What is a Panel interview?
A panel interview involves one candidate being interviewed by a committee of people. Those people perform a range of functions during the interview setting, whilst the interview itself is often formal in nature and characterized by a standard set of questions for every applicant.
Panel interviews are becoming an increasingly common part of the interview setting and there are a number of reasons why this is the case.
Why do Panel Interviews take place?
Panel interviews are conducted because they enable a company to bring a number of staff members together in one setting to interview a single candidate. This eliminates the necessity to conduct numerous interviews with the same candidate and a different interviewer.
They also enable executives to assign each panel member with a specific role (e.g. one person to take notes; one person to observe body language; one person to ask the majority of the questions).
Having a number of panel members present is advantageous as it provides a more holistic overview of who you are and what you can bring to the vacancy. Being interviewed by a panel means that you are more likely to be asked a much wider scope of questions, thus being fully prepared is absolutely vital prior to entering the interview.
How to prepare for a panel interview
Once you have established that you will be holding a panel interview you will need to fully prepare for the entire process.
Do your research on the company in advance, researching every single aspect including the company, its philosophy, the clientele, the range of services on offer, and the culture. Learn about some unique dates or key members of the company and ensure that you are able to cite examples of the company during the interview.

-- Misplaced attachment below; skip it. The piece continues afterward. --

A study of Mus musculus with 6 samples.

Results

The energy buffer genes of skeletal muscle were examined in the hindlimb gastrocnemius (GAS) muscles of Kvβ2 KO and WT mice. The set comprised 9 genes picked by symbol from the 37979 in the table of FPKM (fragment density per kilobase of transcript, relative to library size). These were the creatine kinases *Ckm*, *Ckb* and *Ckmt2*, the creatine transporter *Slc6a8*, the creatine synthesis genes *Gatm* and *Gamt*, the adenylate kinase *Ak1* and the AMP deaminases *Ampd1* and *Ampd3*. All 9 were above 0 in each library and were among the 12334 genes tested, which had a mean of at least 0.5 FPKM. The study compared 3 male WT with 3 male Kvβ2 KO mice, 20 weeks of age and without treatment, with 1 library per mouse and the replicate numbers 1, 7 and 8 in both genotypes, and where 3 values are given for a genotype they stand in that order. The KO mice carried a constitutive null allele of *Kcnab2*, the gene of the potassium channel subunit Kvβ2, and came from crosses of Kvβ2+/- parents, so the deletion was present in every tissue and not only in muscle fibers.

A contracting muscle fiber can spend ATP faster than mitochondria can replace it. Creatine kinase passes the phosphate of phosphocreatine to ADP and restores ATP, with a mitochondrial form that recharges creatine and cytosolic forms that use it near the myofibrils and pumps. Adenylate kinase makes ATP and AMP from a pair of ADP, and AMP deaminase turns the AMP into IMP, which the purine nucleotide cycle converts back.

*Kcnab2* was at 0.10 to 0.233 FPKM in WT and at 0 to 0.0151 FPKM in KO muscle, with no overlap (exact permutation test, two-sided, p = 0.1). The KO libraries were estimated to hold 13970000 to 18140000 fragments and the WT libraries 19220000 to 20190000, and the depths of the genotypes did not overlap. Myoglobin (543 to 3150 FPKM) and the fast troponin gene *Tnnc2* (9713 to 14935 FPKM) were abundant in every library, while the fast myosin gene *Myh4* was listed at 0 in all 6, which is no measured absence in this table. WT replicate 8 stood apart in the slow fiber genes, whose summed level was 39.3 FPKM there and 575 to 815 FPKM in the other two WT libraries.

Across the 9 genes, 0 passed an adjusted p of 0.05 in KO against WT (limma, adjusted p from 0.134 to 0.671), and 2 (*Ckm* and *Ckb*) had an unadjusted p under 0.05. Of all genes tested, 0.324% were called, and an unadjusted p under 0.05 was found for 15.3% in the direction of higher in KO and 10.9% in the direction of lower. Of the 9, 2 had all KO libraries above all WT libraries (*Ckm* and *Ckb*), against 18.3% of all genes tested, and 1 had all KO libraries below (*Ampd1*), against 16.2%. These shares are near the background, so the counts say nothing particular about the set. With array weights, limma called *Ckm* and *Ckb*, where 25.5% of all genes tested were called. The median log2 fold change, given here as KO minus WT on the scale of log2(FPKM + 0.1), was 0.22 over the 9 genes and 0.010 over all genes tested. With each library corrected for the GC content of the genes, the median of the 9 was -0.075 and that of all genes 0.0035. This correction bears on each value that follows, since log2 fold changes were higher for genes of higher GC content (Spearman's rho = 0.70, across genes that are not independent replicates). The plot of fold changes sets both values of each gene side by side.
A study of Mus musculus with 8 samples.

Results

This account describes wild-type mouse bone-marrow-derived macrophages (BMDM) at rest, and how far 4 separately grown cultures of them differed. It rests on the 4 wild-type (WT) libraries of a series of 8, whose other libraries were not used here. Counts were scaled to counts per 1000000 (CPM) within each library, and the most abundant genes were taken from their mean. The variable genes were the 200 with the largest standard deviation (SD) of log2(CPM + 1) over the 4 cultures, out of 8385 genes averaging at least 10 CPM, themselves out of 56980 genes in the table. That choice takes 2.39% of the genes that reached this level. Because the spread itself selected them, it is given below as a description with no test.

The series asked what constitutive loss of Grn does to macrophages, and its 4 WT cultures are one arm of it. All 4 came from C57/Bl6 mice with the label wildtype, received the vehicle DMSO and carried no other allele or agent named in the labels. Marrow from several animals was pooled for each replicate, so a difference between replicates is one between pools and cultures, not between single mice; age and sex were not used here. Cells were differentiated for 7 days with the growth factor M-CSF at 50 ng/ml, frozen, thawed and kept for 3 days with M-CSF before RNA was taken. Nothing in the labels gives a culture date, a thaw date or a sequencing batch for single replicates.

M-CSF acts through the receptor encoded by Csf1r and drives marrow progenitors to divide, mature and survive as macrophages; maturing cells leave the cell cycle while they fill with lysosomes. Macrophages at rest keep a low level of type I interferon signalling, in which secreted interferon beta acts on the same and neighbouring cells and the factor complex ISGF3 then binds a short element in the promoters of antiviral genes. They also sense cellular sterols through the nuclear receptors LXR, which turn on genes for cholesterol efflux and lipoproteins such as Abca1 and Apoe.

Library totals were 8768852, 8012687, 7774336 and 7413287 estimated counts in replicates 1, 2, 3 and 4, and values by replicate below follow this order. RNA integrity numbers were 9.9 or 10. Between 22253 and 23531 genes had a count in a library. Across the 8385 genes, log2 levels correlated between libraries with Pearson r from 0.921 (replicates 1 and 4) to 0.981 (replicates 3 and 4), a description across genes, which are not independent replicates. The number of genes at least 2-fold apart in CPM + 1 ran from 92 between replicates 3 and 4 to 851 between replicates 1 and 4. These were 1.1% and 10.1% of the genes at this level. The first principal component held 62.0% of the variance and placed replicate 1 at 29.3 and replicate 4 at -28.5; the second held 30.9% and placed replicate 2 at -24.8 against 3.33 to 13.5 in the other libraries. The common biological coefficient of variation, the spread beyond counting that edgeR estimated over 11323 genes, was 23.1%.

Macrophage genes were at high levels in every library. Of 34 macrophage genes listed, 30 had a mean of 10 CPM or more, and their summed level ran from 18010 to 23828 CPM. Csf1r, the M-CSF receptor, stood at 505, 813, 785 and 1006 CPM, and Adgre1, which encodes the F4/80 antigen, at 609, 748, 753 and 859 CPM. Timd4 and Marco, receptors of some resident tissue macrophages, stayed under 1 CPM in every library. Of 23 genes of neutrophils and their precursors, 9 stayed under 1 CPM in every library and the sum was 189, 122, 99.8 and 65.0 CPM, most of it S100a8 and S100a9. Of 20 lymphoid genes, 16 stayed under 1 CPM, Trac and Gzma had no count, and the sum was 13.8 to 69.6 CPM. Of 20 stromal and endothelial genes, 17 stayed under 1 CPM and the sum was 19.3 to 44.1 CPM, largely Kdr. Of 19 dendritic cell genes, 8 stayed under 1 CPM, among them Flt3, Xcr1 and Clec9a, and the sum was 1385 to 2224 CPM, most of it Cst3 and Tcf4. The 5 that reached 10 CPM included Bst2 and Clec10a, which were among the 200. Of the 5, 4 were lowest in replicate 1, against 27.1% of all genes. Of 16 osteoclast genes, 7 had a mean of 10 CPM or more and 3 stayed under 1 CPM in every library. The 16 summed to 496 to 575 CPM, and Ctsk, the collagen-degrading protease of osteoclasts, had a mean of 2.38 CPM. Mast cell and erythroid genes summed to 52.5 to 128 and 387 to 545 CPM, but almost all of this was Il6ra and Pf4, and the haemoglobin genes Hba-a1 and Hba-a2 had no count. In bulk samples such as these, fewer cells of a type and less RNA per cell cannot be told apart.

Also, be sure to prepare a comprehensive list of answers to some of the typically trickier questions. Remember that you are being interviewed by a panel, thus the likelihood of one of them picking up on your responses and asking you to elaborate is far higher. It is also common to be asked to reiterate a response at a later stage during the interview.
Prepare enough copies of your CV, ensuring that you have enough copies for each panel member present, as well as any spares that may be required. In addition if you are interviewing for marketing or media related jobs, ensure that your portfolio is completely ready for review and that all information is easy to access.
· Dress professionally
· Try to maintain eye contact with each of the panel members present
· Remain confident – don’t be phased by the panel members
· Be aware of your body language
· Have four key questions ready to ask
· End on a positive note
If you follows these tips then hopefully you will be adequatley prepared for any panel interveiew that they can throw at you.